The Vietnamese government should release and drop all charges against two prominent bloggers, Human Rights Watch said today. The trial of Nguyen Huu Vinh and his colleague Nguyen Thi Minh Thuy is scheduled for March 23, 2016, before the People’s Court of Hanoi.
The two have been charged under article 258 of the penal code for “abusing the rights to freedom and democracy to infringe upon the interests of the state.” They have been in custody since May 2014. Their trial was originally scheduled for January 19, but was postponed on the eve of the Vietnam Communist Party’s Congress, held every five years.
“The bloggers Nguyen Huu Vinh and Nguyen Thi Minh Thuy have been detained for almost two years simply for criticizing the Vietnam Communist Party and its leadership, even though the government has ratified international human rights law that unequivocally protects their actions,” said Brad Adams, Asia director. “The authorities should immediately free the bloggers and compensate each for this unjust detention.”
Nguyen Huu Vinh (also known as Anh Ba Sam), a former police officer and party member, started the blog Ba Sam in 2007, aiming to educate Vietnamese readers by providing links to news from a variety of perspectives. Most links are from state media. The blog published articles and commentaries on Vietnamese political, social, economic, and cultural issues. It also published translations of English and French language articles and excerpts from books.
During the six years it published, until the arrests of the two men, Ba Sam had attracted several million readers inside and outside Vietnam. According to the indictment, one blog on the site, Dan Quyen (“Rights of Citizens,” founded in September 2013), “published 2014 pieces of writing, received 38,574 comments and got 3,243,330 access hits.” It also said that another blog, Chep Su Viet (“Writing Vietnamese History,” founded in January 2014), “published 383 pieces, received 3,401 comments and got 480,353 access hits.”
The indictment listed 12 articles published on Dan Quyen and 12 on Chep Su Viet that have “untruthful and baseless content; distort the lines and policies of the Party and the law of the State; vilify a number of individuals and affect the prestige of offices and organizations; present a one-side and pessimistic view, causing anxiety and worry, and affecting the people’s confidence in the leadership of the Party, the Government, the National Assembly, and the State of the Socialist Republic of Vietnam.”
One of the 24 articles is “A Tale for 2000, a novel about human life under communist cruelty” (“Chuyen ke nam 2000: Cuon tieu thuyet ve than phan con nguoi trong cai ac cong san”), written by a former communist party member, Pham Dinh Trong. The article criticizes the communist government for its history of arbitrary and brutal imprisonment of dissenting voices from the 1960s to the present. It says that, “It [the communist party] cannot imprison the truth and righteousness. It cannot imprison one’s soul, mind, and nerve.”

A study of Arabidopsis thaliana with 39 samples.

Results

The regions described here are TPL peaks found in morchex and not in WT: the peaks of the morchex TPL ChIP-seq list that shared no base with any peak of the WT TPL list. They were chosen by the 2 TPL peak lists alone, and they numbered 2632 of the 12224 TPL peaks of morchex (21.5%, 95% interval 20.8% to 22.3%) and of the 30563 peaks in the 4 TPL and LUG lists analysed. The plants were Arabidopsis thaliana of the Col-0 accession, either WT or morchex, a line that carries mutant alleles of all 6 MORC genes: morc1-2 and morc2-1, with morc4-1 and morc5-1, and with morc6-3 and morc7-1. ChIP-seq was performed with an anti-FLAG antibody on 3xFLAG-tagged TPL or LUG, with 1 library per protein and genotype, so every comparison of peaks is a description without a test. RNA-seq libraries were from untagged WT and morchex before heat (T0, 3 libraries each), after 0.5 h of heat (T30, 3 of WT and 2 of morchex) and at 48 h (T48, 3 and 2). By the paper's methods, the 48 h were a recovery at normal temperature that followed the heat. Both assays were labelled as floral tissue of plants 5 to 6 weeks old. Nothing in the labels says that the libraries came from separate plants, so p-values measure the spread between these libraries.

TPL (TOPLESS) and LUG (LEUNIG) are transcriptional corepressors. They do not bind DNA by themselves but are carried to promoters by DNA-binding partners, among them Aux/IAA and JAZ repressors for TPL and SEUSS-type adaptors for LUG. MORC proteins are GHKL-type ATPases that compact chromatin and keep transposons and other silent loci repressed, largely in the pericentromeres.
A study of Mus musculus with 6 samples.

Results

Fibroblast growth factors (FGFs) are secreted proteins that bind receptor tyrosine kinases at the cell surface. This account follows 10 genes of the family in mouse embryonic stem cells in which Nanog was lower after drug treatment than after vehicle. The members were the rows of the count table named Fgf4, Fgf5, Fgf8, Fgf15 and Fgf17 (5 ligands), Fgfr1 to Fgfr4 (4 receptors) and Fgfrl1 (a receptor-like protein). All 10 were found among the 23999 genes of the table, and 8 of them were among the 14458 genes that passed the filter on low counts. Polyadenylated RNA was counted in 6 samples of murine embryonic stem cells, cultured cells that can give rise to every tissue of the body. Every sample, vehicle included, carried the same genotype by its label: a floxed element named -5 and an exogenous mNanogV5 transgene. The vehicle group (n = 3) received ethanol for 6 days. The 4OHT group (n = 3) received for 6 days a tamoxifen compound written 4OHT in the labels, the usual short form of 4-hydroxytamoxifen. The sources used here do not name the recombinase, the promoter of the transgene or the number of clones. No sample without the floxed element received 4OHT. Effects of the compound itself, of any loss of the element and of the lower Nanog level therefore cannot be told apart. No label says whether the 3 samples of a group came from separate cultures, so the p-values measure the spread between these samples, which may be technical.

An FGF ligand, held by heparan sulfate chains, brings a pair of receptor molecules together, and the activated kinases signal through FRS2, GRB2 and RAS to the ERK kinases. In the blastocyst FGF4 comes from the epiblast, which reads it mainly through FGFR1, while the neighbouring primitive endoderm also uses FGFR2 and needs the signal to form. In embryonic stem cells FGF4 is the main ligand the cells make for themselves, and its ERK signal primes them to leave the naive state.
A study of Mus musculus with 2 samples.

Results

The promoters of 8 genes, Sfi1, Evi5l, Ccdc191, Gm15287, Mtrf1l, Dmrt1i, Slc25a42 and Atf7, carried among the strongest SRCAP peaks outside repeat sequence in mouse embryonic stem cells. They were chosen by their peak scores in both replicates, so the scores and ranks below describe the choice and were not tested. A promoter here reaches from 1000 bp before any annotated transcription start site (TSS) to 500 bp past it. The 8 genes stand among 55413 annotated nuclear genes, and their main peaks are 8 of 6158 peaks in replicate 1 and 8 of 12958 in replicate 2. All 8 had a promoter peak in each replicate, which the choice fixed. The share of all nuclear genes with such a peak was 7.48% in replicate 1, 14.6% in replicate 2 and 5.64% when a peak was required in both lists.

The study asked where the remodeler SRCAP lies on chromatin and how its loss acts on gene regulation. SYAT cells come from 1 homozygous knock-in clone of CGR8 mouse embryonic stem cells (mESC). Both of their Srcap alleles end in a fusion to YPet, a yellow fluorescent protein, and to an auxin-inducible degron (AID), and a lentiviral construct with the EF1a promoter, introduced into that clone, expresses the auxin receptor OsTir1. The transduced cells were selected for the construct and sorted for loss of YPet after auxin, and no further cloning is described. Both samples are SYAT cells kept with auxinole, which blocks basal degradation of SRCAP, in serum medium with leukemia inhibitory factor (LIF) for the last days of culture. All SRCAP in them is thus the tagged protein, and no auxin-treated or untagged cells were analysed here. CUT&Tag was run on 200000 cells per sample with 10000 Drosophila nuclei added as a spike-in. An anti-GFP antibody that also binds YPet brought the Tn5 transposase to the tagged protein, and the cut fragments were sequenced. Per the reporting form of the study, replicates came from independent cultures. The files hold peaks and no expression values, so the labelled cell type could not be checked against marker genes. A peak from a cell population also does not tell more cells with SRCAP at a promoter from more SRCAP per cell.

Another article singled out in the indictment is, “The trial of Truong Duy Nhat, where will the victims sneak to” (“Toa xu Truong Duy Nhat, cac bi hai se lui ve dau”), by an anonymous writer. The article predicts that during the trial of another prominent blogger, Truong Duy Nhat, in March 2014, none of the so-called victims of Truong Duy Nhat’s blogging, including the communist party’s general secretary Nguyen Phu Trong and Prime Minister Nguyen Tan Dung, would be present. It maintains that, “Domestic and international observers have an opportunity to understand the internal affairs of the Vietnamese communist leadership and to measure its human rights promises after it had won a seat in the UN Human Rights Council and prior to the TPP (Trans-Pacific Partnership).”
Another article singled out in the indictment is, “The little Emperor Hoang Kong Tu vs. Vietnamese BBC” (“‘Ong troi con’ Hoang Kong Tu vs. BBC Viet ngu”), by the prominent bloggers Pham Doan Trang, Trinh Huu Long, and Nguyen Anh Tuan. The article says that a police general, Hoang Kong Tu, was “behaving like a little Emperor” because he threatened to bring charges against an author on the BBC Vietnamese service who wrote about a big corruption case in Vietnam.
State media reported that Public Security Ministry officials, including an unnamed vice minister, tried to persuade Nguyen Huu Vinh to stop posting articles that “oppose the Party and the State,” but to no avail.
Nguyen Huu Vinh’s wife, Le Thi Minh Ha, says that his health has deteriorated significantly in detention. During a visit in October 2015, her husband told her that there were red spots all over his body. She made an urgent request to various government officials, including President Truong Tan Sang; the People’s Supreme Court Chief Judge, Truong Hoa Binh; and the People’s Supreme Procuracy Chief Prosecutor, Nguyen Hoa Binh, asking them to allow Nguyen Huu Vinh to have access to adequate medical treatment. Le Thi Minh Ha also filed multiple petitions to the authorities protesting the arbitrary arrest of her husband, but her petitions were ignored.
Vietnam is a party to the International Covenant on Civil and Political Rights, which protects peaceful expression, including expression critical of governments and leaders. But Nguyen Huu Vinh and Nguyen Thi Minh Thuy are not the only bloggers detained for expressing views disapproved by the authorities.
“Vietnam’s friends and donors should publicly challenge the ludicrous charges against Nguyen Huu Vinh and Nguyen Thi Minh,” Adams said. “They should demand that the government free all political prisoners and drop all pending charges against dissenting voices.”